Jacob Passy | A Bit Off
A literally local haunt
Published: Thursday, October 11, 2012
Updated: Thursday, October 11, 2012 08:10
October is my favorite month because of its famous last day. You can bet that I have Halloween on my mind once the foliage changes color and the air grows cold. I daydream about the thousands of costume ideas floating in my head, search frantically for Nicktoon Halloween specials on YouTube and eat way more candy than I should.
In short, I use this month to reclaim my childhood. Since coming to college, it’s been easier to seek out everything that’s spooky and fun. Massachusetts, after all, is quite conducive to this fall−time fanfare, since it is chock full of creepy, creaky houses and piles of crunchy leaves.
Therefore, I decided that I would use my love of this haunted season to seek out somewhere that embodied it nearby. Yes, I may find Ginn Library to be as scary as the next Tufts undergraduate, but it doesn’t quite fit the bill. On the other hand, Salem Street Burying Ground is exactly what Dr. Frankenstein ordered.
The cemetery’s name is a bit misleading. You won’t find any witches here — to get that, you’ll have to make the roughly 30−minute commuter rail ride to the infamous seaport town. Instead it’s named for one of the two streets that it rests between, the other being Riverside Avenue, the main thoroughfare of Medford Square.
Salem Street Burial Ground’s proximity to this underrated square is how I initially found it after making one of my frequent trips there since discovering Ebisuya Japanese Market. Indeed, right across the street from a CVS Pharmacy, you will find an absolutely fascinating graveyard.
Yes, I know it sounds morbid. But anyone who is an American history buff needs to check this place out. While it may not have the name recognition or fame of the King’s Chapel Burying Ground in downtown Boston, it is definitely a sight worth visiting.
The first burial on the site, according to the corresponding stone marker, occurred in 1683. It continued to be used as a cemetery until 1881. According to records, it was acquired by the Town of Medford in 1717 and officially has around 450 people buried within it. That said, historians now believe over 600 are buried there, including countless slaves.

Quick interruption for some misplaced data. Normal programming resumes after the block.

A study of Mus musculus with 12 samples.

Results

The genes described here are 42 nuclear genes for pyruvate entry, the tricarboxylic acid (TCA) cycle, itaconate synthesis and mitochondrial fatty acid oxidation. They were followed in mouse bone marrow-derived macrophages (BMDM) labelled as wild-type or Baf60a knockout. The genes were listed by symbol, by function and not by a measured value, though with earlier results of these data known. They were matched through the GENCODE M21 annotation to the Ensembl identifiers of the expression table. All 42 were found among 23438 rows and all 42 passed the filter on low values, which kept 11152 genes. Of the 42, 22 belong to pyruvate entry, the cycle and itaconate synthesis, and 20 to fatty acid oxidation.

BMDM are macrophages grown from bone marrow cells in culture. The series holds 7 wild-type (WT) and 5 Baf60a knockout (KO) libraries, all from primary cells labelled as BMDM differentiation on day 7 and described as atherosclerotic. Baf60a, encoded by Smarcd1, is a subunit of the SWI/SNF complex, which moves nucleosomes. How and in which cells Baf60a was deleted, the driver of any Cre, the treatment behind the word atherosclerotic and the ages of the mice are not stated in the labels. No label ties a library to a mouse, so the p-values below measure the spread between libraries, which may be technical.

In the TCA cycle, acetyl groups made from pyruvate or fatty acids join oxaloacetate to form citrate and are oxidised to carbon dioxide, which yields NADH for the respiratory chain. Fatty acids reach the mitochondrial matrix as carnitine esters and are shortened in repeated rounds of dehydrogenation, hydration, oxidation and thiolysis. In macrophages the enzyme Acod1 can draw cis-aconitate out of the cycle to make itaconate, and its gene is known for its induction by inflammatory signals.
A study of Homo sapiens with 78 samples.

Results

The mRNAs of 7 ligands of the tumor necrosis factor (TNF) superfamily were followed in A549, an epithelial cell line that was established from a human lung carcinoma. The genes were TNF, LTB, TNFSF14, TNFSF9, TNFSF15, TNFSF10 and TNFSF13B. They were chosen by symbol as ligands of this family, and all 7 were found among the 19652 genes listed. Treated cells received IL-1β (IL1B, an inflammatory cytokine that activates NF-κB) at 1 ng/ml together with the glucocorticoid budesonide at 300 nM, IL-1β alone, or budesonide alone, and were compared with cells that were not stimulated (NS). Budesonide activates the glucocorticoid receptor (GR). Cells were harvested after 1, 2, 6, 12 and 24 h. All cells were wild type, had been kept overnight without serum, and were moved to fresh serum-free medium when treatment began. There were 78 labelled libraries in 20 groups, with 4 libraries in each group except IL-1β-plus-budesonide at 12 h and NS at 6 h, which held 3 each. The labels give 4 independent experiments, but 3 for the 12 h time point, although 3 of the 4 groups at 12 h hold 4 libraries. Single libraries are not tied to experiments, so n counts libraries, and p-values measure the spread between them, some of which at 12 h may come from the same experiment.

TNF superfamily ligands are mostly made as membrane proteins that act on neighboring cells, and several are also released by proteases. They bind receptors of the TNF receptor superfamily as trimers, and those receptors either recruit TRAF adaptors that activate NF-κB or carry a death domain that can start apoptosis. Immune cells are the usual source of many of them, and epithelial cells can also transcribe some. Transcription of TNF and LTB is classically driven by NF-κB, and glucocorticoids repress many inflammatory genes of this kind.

The cemetery is a part of the National Register of Historic Places, so you’ll surely find some fascinating details when you visit. Most of those buried on the site were among the richest people who lived in Medford. However, you’ll also find a memorial for soldiers from New Hampshire who died during the Battle of Bunker Hill in the Revolutionary War.
The graveyard also provides a remarkable picture of social customs during the time period. For instance, many women are not referred to by first name and instead their tombs only feature their husbands’ names. Additionally, the birthdates of many are not listed — simply their age at death. You will also find some details that are indicative of tombstones from the time period, according to research I did after visiting, such as certain skull and willow tree motifs.
All of that being said, you will not need to know much about history to appreciate the cemetery for what it is. Even the least informed among us can appreciate the fact that one of Massachusetts’ earliest governors, John Brooks, is buried in Medford. For those who want to learn more, there is information about the graves at the Medford Public Library and Medford Historical Society.
What I loved most about this graveyard was that it simply has that rare ambiance — a mixture of creepy calmness and historical importance. That alone makes it a go−to destination near campus. So when you need a spine−tingling chill to get you in the eerie October mood, just take a trip down to Medford Square.
Jacob Passy is a senior majoring in international relations. He can be reached at Jacob.Passy@tufts.edu.